Monday, December 17, 2012

Rampage: The Social Roots of School Shootings




What is your school doing to get men reading with boys?  We have to find more ways to connect with boys in their early school years and stay connected with them until they are well-established literate men.

Educators, please read this book: "Rampage: The Social Roots of School Shootings" (Basic Books, 2004).  It is by Katherine S. Newman.  She is the James B. Knapp Dean of the School of Arts and Sciences at Johns Hopkins University.  Click here for Rampage.

Below are key take aways from an excellent article published on CNN:
  • Bucolic country towns are locus for most school shootings in U.S.
  • She says her research shows patterns in such shootings; they are often planned far in advance
  • She says attackers often hint at plans; they long to fit in, gain peers' attention acceptance
  • We must provide settings for children to confide in adults
"One reason shooters tip their hands is that they are trying to solve a problem. Though they are often intelligent, high-performing boys, their peers tend to see them as unattractive losers, weak and unmanly. In a school culture that values sports prowess over academic accomplishment, they face rejection. The shooters are rarely loners, but tend instead to be failed joiners, and their daily social experience is full of friction. Since they are almost always mentally or emotionally ill, those rejections -- so common in adolescence -- take on greater importance and become a fixation. Rebuffed after trying to join friendship groups, they look for ways to gain attention, to reverse their damaged."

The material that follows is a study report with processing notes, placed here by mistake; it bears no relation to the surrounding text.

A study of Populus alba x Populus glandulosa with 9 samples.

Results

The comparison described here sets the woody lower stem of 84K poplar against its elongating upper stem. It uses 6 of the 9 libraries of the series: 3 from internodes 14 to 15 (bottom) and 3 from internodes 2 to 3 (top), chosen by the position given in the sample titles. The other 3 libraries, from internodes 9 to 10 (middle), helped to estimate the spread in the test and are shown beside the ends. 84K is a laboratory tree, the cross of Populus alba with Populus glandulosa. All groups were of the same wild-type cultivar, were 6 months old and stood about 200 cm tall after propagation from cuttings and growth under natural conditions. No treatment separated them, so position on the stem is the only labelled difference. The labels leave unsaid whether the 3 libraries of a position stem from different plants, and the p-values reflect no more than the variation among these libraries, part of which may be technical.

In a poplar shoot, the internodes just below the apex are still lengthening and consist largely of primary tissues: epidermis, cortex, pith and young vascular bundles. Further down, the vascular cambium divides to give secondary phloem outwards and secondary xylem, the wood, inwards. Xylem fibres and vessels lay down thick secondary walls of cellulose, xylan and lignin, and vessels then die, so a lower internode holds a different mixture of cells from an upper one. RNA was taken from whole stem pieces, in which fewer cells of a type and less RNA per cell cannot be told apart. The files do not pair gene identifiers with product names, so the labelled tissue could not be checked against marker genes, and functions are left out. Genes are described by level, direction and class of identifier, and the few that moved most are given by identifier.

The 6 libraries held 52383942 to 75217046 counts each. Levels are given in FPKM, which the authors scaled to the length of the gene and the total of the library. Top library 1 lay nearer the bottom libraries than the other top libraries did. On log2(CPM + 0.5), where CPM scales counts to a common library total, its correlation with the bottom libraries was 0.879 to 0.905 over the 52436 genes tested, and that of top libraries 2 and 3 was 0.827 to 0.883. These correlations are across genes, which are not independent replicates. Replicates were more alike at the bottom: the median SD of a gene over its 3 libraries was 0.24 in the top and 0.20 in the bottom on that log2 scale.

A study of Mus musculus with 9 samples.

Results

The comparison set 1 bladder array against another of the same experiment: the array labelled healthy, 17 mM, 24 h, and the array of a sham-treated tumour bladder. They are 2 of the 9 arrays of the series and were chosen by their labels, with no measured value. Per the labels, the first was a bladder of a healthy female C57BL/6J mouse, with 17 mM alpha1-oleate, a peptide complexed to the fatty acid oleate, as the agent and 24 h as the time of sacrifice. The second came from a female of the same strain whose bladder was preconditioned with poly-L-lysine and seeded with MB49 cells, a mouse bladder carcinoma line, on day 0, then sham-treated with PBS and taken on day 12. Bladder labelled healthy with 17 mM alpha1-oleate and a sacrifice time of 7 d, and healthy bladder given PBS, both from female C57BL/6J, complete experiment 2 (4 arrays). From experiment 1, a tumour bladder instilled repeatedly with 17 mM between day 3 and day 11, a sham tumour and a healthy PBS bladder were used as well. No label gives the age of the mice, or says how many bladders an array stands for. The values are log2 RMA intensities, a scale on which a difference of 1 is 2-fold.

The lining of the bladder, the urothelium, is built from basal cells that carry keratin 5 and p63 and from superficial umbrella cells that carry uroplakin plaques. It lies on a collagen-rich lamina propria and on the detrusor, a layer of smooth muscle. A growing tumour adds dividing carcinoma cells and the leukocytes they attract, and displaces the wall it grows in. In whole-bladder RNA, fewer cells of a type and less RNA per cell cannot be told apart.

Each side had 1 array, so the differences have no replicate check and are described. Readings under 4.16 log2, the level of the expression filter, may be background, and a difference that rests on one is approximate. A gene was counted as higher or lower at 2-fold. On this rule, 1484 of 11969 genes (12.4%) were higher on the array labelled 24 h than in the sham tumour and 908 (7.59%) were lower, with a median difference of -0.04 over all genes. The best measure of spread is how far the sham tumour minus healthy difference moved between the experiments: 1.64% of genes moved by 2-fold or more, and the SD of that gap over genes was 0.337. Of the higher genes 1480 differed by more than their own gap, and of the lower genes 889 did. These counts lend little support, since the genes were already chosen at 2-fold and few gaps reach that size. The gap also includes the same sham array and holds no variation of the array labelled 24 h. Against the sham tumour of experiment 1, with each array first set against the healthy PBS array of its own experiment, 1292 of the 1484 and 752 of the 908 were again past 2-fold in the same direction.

For the full article, click here.

What is your school doing to get men reading with boys?

1 comment:

Kate said...

goodness, as far as I know nothing. I never even thought about this before--that those loners/awkward boys would need a role model or someone to confide in. I am afraid that this is the beginning of a widespread fear of awkward white males who are potentially armed with dangerous weapons.